When we denude something we strip it, like the branches of a tree. That seems a bit inverted to me, shouldn't it be to nude-something?
Because sometimes Latin’s de- prefix meant something else than to strip something away or to undo or reverse the action of a verb. And so it also has come down to us as something else in English.
You were thinking of OED sense 6, so here are the OED’s senses 3–5 for de- to illustrate just a few of the other possibilities for that prefix:
There actually is a word that is constructed and means what you seem to be expecting of denude, and that is debare. Again per the OED:
As you see, it hasn’t been used much for quite some time. The OED labels it obsolete. Best stick with denude.
Though tchrist's answer is clearly correct, and the OED's sense 3 of de- governs the word denude, I was surprised to discover that Merriam-Webster's Eleventh Collegiate Dictionary doesn't provide a useful answer to the OP's question.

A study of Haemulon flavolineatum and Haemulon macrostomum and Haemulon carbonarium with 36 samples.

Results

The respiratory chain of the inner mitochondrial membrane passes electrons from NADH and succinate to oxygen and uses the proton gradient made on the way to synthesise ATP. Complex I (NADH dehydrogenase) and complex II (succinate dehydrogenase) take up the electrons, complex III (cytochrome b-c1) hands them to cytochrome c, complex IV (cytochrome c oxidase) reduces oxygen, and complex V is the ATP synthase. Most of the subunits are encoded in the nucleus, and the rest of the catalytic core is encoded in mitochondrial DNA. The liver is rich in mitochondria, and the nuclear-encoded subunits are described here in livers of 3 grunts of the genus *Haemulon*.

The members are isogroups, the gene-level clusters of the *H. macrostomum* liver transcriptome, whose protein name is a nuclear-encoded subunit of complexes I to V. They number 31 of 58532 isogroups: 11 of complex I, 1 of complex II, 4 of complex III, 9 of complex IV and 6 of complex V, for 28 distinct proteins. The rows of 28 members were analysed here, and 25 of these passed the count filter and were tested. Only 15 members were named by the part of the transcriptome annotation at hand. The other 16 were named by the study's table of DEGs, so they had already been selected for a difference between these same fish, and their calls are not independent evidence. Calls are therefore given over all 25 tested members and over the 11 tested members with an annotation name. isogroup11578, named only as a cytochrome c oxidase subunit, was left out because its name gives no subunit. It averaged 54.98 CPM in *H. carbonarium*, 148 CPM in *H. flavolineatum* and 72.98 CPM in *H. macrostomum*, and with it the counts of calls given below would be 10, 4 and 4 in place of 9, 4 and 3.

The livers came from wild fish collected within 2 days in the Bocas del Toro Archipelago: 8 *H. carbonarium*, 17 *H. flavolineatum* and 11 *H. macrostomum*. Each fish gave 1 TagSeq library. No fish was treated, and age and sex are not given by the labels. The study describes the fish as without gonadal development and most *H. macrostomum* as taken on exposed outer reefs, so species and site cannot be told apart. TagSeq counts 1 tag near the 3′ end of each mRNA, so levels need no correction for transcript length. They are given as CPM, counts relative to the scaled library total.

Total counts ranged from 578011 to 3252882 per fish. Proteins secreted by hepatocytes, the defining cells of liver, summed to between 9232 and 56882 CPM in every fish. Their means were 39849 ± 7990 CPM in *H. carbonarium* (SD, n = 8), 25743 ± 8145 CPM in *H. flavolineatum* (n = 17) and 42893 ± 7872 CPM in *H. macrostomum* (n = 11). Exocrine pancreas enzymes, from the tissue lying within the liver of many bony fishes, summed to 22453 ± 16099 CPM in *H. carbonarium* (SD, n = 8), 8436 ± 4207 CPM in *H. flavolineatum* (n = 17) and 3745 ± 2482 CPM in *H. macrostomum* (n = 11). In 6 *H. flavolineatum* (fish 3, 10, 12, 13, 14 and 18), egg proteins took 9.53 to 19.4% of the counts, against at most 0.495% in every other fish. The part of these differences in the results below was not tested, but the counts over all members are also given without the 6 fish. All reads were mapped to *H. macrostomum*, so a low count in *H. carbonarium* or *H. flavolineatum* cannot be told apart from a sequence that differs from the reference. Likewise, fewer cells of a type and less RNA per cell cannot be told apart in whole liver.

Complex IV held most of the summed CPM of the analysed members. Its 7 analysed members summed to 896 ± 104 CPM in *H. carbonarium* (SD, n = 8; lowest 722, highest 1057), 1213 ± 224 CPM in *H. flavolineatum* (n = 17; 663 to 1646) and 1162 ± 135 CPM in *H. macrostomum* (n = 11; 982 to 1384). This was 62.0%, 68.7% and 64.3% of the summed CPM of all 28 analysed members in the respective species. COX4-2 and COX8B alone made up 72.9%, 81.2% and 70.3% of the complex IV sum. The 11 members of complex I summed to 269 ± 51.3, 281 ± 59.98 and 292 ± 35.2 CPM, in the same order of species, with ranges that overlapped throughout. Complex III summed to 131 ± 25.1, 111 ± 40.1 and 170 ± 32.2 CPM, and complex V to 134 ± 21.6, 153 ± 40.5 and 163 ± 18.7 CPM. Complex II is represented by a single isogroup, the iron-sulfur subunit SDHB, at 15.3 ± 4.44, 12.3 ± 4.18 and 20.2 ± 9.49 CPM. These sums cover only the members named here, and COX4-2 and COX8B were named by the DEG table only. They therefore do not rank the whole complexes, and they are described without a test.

In its entry for denude, the Eleventh Collegiate gives the etymology as
But that dictionary's entry for de- is disappointingly incomplete:
The only definition here that is even remotely related to the OED's clear and succinct "down to the bottom, completely" definition of de- is the fourth one, which, besides being worded rather vaguely (in effect, "something derived from something else of a particular kind" as a noun and "being derived from something of a particular kind" as an adjective), doesn't offer an associated verb form with a definition along the lines of "derive from (something of a specified nature) [denominate]."
Merriam-Webster's treatment of de- appears to leave unexplained such common de- verbs in English as default, delimit, denote, denude, and despoil.
No, it should not.
You are assuming that the verb denude has been constructed from the adjective nude.
That is not the case. The latin root is dēnūdō (and hence present infinitive dēnūdāre, perfect active dēnūdāvī, supine dēnūdātum.)